Strategies used to incorporate research skills for the College of Arts and Sciences and the Graduate School of Management.

What is a library database? (video)

Learn what sort of information can be found through library databases and when to use them for research

(CSU video, length 1:52 minutes)

 

Defining Databases and Their Uses

Databases are organized collections of related information or data. The collections usually cover a specific field of study such as history, biology, or music. Most online library databases consist of written works published in journals, magazines, or newspapers but others consist of data, images or specialized information such as government documents.

Browse through our databases by document type or by academic unit.

You should use a library database if you are:

  • Searching for articles in a magazine, newspaper, or scholarly journal.
  • Conducting scholarly research for an assignment.
  • Looking for information on a specific topic.
  • Locating peer reviewed or professionally edited work.

Most materials in library databases have either gone through the peer review process or reviewed by a professional editor. Visit our peer review guide to learn more. However, information and images on the free web (Internet) can be posted by anyone since there is no mandatory screening process. Some materials on the free web may have been reviewed by an editor, but most never have been.

Also, it can be difficult to find what you need on the Internet with millions of results. Library databases are tailored towards specific audiences, often deal with specific subjects such as agriculture or musical recordings, and collects related materials all in one location. This allows for more efficient searching.

On the free web, you can find current information from ranging from celebrity gossip to satire and opinion. But when it comes to trusted factual sources, historical information is often not free. Databases such JSTOR may contain both older and current information; publications may go back to the first issue of journal.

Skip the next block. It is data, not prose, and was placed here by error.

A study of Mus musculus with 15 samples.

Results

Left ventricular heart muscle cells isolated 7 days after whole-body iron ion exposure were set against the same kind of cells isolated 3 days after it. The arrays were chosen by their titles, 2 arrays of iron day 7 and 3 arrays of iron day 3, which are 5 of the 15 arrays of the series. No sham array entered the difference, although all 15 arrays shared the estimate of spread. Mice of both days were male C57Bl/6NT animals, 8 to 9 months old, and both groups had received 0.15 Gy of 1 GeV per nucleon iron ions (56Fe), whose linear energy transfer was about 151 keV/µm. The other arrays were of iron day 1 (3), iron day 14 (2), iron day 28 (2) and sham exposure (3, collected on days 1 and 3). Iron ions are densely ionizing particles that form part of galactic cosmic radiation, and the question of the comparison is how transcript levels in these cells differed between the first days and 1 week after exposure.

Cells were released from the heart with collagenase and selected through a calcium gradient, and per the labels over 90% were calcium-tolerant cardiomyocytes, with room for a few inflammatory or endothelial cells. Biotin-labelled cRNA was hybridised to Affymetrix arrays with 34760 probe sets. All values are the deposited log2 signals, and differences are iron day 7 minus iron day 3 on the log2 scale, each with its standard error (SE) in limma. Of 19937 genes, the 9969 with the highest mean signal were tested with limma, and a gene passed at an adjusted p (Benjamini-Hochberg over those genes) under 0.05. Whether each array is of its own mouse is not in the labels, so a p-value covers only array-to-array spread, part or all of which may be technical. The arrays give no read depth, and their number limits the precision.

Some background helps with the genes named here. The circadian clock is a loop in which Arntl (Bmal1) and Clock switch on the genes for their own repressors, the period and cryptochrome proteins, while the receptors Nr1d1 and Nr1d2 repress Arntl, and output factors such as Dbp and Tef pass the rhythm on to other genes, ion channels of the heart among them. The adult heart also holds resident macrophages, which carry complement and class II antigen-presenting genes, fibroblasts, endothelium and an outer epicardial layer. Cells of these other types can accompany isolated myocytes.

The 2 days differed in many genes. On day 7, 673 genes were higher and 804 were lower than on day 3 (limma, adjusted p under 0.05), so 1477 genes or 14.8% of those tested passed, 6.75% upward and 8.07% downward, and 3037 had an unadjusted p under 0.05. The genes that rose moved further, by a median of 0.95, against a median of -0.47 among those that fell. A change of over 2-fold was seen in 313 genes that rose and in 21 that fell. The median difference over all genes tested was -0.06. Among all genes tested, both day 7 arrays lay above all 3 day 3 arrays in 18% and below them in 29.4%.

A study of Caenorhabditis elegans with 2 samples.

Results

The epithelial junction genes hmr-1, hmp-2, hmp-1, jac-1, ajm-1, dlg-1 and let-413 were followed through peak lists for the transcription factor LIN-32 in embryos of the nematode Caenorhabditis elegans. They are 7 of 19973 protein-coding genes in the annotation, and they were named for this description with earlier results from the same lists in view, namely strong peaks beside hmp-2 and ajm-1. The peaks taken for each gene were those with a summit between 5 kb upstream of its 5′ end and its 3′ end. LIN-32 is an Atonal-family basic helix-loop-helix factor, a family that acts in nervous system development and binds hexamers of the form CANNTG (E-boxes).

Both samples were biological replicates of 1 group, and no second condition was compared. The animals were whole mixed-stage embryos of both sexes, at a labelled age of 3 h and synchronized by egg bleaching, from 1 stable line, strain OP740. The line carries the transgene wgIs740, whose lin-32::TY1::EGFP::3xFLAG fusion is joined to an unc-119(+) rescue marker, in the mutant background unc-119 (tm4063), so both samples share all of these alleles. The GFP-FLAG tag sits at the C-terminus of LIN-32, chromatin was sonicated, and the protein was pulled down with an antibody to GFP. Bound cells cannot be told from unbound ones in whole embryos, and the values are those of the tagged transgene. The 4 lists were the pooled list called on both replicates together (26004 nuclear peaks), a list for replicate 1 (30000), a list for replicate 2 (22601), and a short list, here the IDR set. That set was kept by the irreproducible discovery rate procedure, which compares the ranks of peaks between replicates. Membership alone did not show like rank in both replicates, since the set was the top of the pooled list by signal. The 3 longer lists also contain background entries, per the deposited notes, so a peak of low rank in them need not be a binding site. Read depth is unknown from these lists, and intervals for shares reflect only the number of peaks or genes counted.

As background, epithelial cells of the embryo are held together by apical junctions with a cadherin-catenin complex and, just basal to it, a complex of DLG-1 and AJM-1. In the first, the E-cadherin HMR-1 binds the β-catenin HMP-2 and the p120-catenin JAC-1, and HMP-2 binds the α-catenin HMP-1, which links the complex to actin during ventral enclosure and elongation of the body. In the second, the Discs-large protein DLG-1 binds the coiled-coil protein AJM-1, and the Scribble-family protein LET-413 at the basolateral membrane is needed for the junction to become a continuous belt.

Most scholarly information is not freely accessible. The free web usually provides only brief citation info about underlying documents such as author’s name, publication date, and title of publication. While the free web typically limits access to information through paywalls, library database often contain the full text of materials.

Libraries pay annual subscriptions to access content through databases yielding more than just citations. Many library databases include the full text of an item; you can view and download entire articles, books, statistical tables, or images. They also check for alternative ways to access an item such as other library databases. As an added bonus, library databases often offer to get an item through interlibrary loan if it is not available immediately available.

For many people, searching the Internet is the first step for conducting any research. But the Internet can quickly overwhelm you with a flood of information. And there is no screening for reliability.

DATABASES ARE... THE BENEFITS ARE...
Tailored to specific subjects or audiences. Research is much easier & it saves time.
Peer-reviewed or reviewed by professional editors. High quality information that is more reliable.
Prepaid by the library via subscriptions. No need for out of pocket payments.
Accessible both on- and off-campus. 24/7 access from any Internet connection.
Primarily collections of articles & reports. They usually indicate the literature types.
Often specialized. May include newspapers, magazines or book chapters.
Citation are usually accompanied with abstracts. Offers short summary of underlying document.
Linked to the library's catalog for further access. Quickly check if the library has access or submit Inter Library Loan request if we do not have it.

Most library databases are for a specific audience that dictates the type of material in them. Academic Search Complete, for example, covers scholarly journals on academic topics and undergraduate students are the target audience. GreenFile, on the other hand, is aimed at anyone from high school through doctoral degrees but only focuses on environmental concerns.